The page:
After a deadly plague kills most of the world's population, the remaining survivors split into two groups - one led by a benevolent elder and the other by a maleficent being - to face each other in a final battle between good and evil.
When a deadly virus escapes from a government research facility, few prove to be immune to its effects. With symptoms similar to the flu, those who come into contact with it quickly die. One survivor...
The plague has taken its toll and only those immune to the virus are alive. The forces of good and evil are slowly taking shape. Those that have been dreaming about Mother Abigail are slowly making ...
Hundreds are now in Boulder, Colorado with Mother Abigail but Randall Flagg has sent Nadine Cross to infiltrate the group. Unable to seduce Larry, she then sets her sights on Harold. But just as the ...
When a government-run lab accidentally lets loose a deadly virus, most of the population of the world is wiped out. Survivors begin having dreams about two figures: a mystical old woman, or a foreboding, scary man. As the story tracks various people, we begin to realize that the two figures exemplify basic forces of good and evil, and the stage is set for a final confrontation between the representatives of each.Written by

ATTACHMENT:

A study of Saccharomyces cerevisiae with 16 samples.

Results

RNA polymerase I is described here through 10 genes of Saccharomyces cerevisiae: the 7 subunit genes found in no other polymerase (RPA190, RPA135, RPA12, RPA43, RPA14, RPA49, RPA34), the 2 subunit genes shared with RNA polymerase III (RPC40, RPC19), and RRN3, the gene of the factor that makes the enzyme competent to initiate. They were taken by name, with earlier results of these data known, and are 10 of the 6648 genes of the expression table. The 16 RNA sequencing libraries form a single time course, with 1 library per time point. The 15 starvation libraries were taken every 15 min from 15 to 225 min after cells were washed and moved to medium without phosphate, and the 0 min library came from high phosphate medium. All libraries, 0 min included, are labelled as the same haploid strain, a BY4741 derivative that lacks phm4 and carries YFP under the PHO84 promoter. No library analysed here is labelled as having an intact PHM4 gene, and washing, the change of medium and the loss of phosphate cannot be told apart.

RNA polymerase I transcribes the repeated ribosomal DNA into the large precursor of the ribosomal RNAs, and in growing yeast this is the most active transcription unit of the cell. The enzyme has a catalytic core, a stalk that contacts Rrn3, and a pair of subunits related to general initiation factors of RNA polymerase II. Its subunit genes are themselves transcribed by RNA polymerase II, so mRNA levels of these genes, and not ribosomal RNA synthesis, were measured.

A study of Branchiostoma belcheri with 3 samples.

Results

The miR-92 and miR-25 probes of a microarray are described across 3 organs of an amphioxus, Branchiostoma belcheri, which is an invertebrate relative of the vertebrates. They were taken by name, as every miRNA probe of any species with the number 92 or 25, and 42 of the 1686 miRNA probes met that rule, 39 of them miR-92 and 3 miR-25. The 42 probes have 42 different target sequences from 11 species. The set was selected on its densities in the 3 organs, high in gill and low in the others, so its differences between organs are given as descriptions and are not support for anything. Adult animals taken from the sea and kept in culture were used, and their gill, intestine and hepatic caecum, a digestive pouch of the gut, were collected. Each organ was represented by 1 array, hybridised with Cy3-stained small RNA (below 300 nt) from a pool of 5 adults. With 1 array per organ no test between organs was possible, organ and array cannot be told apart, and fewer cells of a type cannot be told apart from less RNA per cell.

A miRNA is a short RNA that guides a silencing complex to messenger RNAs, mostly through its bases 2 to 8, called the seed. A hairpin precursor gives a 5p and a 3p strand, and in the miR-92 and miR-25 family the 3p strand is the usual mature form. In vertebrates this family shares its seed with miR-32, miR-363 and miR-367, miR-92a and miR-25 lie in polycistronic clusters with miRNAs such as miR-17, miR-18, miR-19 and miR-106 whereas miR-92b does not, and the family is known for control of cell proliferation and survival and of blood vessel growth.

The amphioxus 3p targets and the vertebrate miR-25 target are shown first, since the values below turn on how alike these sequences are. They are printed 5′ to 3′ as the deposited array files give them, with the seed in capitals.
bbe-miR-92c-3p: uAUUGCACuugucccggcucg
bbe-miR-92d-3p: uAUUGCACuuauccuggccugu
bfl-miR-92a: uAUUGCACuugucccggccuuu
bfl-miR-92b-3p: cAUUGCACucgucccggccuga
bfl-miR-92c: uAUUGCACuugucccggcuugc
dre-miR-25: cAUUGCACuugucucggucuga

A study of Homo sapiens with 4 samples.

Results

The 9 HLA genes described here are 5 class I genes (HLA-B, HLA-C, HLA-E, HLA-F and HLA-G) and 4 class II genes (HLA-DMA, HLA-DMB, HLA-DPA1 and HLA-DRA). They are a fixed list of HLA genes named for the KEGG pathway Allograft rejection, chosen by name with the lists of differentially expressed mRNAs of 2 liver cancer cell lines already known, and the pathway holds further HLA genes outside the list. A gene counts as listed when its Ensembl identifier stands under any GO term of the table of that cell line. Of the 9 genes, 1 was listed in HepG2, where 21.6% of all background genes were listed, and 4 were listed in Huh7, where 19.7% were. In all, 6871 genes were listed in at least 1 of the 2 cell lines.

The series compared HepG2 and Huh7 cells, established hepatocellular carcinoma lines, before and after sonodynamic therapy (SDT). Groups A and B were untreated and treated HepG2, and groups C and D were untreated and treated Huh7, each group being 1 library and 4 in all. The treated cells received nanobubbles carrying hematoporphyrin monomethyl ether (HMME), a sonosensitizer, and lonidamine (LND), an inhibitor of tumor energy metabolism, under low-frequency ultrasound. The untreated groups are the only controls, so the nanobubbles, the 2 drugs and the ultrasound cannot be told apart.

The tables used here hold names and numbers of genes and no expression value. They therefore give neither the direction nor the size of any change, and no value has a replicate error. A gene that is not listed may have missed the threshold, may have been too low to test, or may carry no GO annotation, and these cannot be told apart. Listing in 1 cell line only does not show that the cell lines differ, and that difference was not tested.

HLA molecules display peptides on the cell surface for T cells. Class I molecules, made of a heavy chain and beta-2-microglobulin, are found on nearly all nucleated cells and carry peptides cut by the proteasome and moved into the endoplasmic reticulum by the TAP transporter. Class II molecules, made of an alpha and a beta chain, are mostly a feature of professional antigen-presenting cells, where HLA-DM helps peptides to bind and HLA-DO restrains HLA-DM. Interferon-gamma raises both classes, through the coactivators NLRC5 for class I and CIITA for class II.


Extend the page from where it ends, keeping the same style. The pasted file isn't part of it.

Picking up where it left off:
Rick Munoz <email@example.com>
Due to the demands of filming out of sequence, and having less time to shoot than the story actually takes, it was not possible for the male actors to grow and shave off natural facial hair. In order to make their characters appear to grow beards, each of the actors grew their hair longer, and the tips were cut off and attached to their faces with static electricity so that the color would look natural. See more »
When Harold and Nadine are traveling to Las Vegas, Nadine drives on the right side of the road. In the long shot, Nadine is on the left and Harold is on the right. See more »
I can't believe a piece of Southern Fried Chicken like you is going to survive this.
This is classic Stephen King, minus a lot of the gore that sometimes he's known for. It's the perpetual fight between good and evil. It was great to watch the story of one of my favorite books. Most of the characters bring such passion and reality to the story.
As a side note, I would recommend reading the prologue in Stephen King's newest edition of The Stand where he talks about making the movie.